INDIANAPOLIS, Ind.-- Growing up in Lawrence, even though his father was a career army man and he was mentored by a policeman, Frank Gunn II recalls feeling a bit of anxiety as a teen whenever police officers were called to his neighborhood.
“You gotta be able to communicate with the community on both sides, and police gotta be able to communicate with the community, and community gotta be able to communicate with the police,” said Gunn during a lunch break from his training as an IMPD recruit at the department’s east side academy.
Gunn and 51 fellow recruits were undergoing implicit bias training, a program that recognizes basic impressions everyone carries about the world and the people around them.
The former high school football player and IU wrestler learned the lessons of his training.
“In the black community where things are portrayed in one way and looked at one way, we’re also learning about how the community can see us as police officers as well,” he said. “I’m able to bring both groups together and bridge that gap and be a bridge builder within the community.”
That community could very well include the apartment complexes surrounding the intersection of East 42nd Street and North Post Road, a few miles south of where Gunn grew up and a few miles north of where he is training to become an officer.
Mayor Hogsett and IMPD Chief Bryan Roach walked the Meadowlark Apartments for more than an hour, meeting neighbors, hearing their stories and learning what it's like to live in one of Indianapolis’ most violent communities where five murders were recorded in January.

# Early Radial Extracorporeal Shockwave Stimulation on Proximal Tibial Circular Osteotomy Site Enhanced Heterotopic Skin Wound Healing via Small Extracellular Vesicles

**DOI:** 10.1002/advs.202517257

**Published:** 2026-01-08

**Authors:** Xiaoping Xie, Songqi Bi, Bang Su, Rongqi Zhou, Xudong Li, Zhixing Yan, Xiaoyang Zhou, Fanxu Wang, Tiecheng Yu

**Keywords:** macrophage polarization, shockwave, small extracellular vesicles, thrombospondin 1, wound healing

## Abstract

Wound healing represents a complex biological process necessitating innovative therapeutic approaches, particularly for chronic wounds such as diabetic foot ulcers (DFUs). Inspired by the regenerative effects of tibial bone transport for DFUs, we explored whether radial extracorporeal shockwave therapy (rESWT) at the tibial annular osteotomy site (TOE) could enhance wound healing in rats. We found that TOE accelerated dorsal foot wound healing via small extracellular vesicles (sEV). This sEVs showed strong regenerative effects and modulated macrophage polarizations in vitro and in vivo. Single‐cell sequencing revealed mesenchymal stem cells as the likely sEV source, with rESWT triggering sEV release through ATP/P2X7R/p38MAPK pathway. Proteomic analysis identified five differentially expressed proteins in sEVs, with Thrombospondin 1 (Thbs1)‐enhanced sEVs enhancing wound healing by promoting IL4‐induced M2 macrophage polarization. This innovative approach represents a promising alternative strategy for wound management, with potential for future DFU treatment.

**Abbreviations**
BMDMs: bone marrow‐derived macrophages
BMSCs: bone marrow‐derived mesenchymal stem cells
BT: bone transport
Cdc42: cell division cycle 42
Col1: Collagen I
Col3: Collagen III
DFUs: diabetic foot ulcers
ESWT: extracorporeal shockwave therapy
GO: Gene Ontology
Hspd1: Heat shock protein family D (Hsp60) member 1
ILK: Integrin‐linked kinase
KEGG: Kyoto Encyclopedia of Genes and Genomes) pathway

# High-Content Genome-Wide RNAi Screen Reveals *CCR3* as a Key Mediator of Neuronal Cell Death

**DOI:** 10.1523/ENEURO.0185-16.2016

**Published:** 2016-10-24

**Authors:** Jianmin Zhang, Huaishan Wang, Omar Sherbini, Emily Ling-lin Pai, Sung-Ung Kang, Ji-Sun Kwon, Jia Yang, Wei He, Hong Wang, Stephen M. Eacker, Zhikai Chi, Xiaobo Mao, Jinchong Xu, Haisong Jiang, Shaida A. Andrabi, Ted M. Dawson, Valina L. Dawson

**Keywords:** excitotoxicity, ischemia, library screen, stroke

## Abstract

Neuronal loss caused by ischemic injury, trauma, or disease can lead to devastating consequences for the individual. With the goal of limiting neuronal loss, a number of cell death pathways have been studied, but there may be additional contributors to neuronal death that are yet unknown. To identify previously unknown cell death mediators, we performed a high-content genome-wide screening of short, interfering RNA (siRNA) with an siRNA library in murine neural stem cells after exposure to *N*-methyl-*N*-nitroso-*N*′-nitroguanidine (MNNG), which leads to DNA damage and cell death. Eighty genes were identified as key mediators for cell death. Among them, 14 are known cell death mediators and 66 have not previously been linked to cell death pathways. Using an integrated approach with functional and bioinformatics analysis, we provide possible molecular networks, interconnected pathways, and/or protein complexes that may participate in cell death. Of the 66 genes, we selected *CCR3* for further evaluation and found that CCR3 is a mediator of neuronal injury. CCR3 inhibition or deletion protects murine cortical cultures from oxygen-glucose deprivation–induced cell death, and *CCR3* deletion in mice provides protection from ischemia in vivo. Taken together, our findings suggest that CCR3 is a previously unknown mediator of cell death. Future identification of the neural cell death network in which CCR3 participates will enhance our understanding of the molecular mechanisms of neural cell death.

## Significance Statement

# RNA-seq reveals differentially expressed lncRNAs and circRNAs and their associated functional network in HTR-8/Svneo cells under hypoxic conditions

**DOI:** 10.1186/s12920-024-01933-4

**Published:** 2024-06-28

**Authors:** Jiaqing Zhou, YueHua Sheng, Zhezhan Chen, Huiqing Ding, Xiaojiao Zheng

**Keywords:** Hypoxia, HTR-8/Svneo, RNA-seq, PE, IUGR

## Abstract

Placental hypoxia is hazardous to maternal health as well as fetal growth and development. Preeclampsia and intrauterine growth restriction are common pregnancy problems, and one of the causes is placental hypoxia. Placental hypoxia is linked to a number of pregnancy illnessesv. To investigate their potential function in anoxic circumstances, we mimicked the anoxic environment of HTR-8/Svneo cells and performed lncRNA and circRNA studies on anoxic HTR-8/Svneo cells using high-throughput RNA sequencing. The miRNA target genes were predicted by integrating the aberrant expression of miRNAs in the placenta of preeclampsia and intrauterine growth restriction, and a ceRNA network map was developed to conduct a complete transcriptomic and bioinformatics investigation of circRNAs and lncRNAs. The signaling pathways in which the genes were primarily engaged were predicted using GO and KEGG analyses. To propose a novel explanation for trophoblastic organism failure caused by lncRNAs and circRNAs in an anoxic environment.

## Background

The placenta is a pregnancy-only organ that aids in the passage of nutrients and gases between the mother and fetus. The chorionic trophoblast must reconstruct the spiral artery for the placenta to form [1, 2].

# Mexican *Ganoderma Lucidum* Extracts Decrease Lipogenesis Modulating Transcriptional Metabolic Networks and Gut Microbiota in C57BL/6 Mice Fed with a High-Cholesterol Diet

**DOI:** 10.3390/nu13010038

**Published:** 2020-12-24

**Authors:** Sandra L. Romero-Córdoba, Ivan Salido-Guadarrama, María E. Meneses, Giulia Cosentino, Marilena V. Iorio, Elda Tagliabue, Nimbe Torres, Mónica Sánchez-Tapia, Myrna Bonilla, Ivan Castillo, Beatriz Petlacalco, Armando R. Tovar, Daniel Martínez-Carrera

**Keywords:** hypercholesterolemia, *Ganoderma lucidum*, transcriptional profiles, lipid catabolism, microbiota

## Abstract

“In my opinion it's gotten better,” said Kianna Henderson as she pushed a stroller along with her two children as the chief and the mayor walked. “It's gotten a lot better actually. We done went from lots of shootings, like I said, mobs of fights and all that, to practically not any type of criminal activity going on out here, so I’m pretty happy we see the police pretty frequently.”
Kianna said both neighbors and officers need to understand each other and their respective implicit biases.
“What we don’t understand about each other is what we have to do to survive out here. Even the police when they come out here, they have to put up a survival mechanism because they never know the type of situation they coming into and we have to have a survival mechanism out here because of all of the crazy stuff that goes on out here.
“We get shootings, and when there is a shooting sometimes when the police come out here they treat everybody like everybody’s done the shooting and really sometimes we just want answers, sometimes we don’t understand what’s going on,” she said.
Gunn agreed with the young mother he may someday called upon to keep safe.
“We’re actually here to service them, we’re here to protect them,” he said. “We tell them why we’re here--why we’re asking them to do this because if you don’t tell them why, that’s what most people want to know. ‘Why are you arresting my loved one? Why are you arresting her? Why are you here?’ If we don’t tell them why, then that’s the reason why everything ends up getting escalated,” said Gunn.
Last fall, IMPD commanders were taught to recognize implicit bias and became trainers. Eventually, the entire 1,700-member department will have the training.